Al asks a good question in the comments (well, he presents it as a statement of fact, but I will take it as a question): Is increased risk just the flipside of the increased returns of our economy? Don’t we have to take risks to achieve rewards, and won’t providing security prevent that?

Al’s not the only one making this point. Both Brink Lindsay in his review of my book in the Wall Street Journal, and Tyler Cowen, in his otherwise favorable assessment of my book on “marginal revolution,” suggest that I understate the gains that have come with increased risks. So is economic security just an inconvenient but necessary byproduct of our economic success?

The answer, I am convinced, is no. In fact, quite the opposite: We could increase the gains of our economy–and make them more fairly distributed–by providing basic financial security.

Let’s start with the first simple point, one that Kevin has been drumming away at (sorry for the pun) for years: It’s not as if middle class Americans are making out like bandits in the American economy. The statistics are pretty clear. Median-income Americans have seen only modest growth in their incomes over the past generation; most of the gains have been at the top. Plus, most of the gains at the middle have been due to the increasing work hours of families (specifically, the increasing work hours of women). I think the movement of women into the workforce is something to celebrate, but it can’t be described as a great victory for the middle class that families have gotten ahead only because they’ve worked more.

This is when the risk-return folks turn to other arguments. They say that upward social mobility has increased (it hasn’t). Or they say, as Cowen and Lindsay do, that Americans are living longer (true, but it’s hard to argue that this is a result of us facing more risk–after all, people live even longer in many European countries with generous welfare states–or that it makes the increased economic insecurity families face irrelevant, or that it should make us less concerned about the rising number of Americans without health coverage). Or, to pull out the ace card that Lindsay finally resorts to in his rebuttal, they say that income inequality has increased, but inequality of consumption — what people spend — hasn’t.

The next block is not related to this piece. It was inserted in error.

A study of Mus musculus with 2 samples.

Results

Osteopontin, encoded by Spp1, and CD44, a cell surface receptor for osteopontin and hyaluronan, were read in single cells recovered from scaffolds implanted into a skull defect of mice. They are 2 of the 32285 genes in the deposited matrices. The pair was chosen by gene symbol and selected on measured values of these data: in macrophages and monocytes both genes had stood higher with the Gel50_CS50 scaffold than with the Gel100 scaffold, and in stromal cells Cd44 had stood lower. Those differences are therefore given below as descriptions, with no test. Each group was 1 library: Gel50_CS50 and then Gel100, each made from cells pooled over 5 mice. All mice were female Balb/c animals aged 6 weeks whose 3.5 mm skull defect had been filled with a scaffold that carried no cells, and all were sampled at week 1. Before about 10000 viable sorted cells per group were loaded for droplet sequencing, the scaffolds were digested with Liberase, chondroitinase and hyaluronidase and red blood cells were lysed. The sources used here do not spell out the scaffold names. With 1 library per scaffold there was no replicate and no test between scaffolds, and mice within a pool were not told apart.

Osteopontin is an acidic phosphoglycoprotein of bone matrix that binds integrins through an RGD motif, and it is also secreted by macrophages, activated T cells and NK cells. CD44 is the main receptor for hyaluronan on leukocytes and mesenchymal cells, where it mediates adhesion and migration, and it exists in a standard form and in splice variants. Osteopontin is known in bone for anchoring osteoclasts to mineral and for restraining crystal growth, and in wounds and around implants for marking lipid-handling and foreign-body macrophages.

What should we make of this claim? Well, first, it’s probably wrong. Consumption inequality is less than income inequality, but it seems to have increased just as much. But the broader implication is that we shouldn’t worry about drops in income because people can deal with these drops on their own — hence their consumption is less unequal than their incomes.

But how are people dealing with these drops on their own today? Mostly by going into debt. As I show in my book, median household debt as a share of income for married parents was more than 125 percent of income in 2004. The economist Herb Stein once said, “If something can’t go on, it won’t.” And the debt hemorrhage of the American family simply can’t go on.

If the returns of rising risk add up to the ability to borrow more to dig oneself out of short-term holes (thus digging a deeper long-term hole), then I think we can safely say that most Americans would be happy to give up the returns to obtain greater security.

But here’s the kicker: We can provide security and help our economy. Just as businessmen and entrepreneurs are protected against the most severe economic risks they face to encourage economic investment and growth, we are most capable of fully participating in our economy, most capable of taking risks and looking toward our future, when we have a basic foundation of financial security. Economic security is not opposed to economic opportunity; it is its cornerstone. And restoring a measure of economic security in the United States today is the key to transforming the nation?s great wealth and productivity into an engine for broad-based prosperity and opportunity in an ever more uncertain economic world.

How do we do that? That’s the subject of my next post.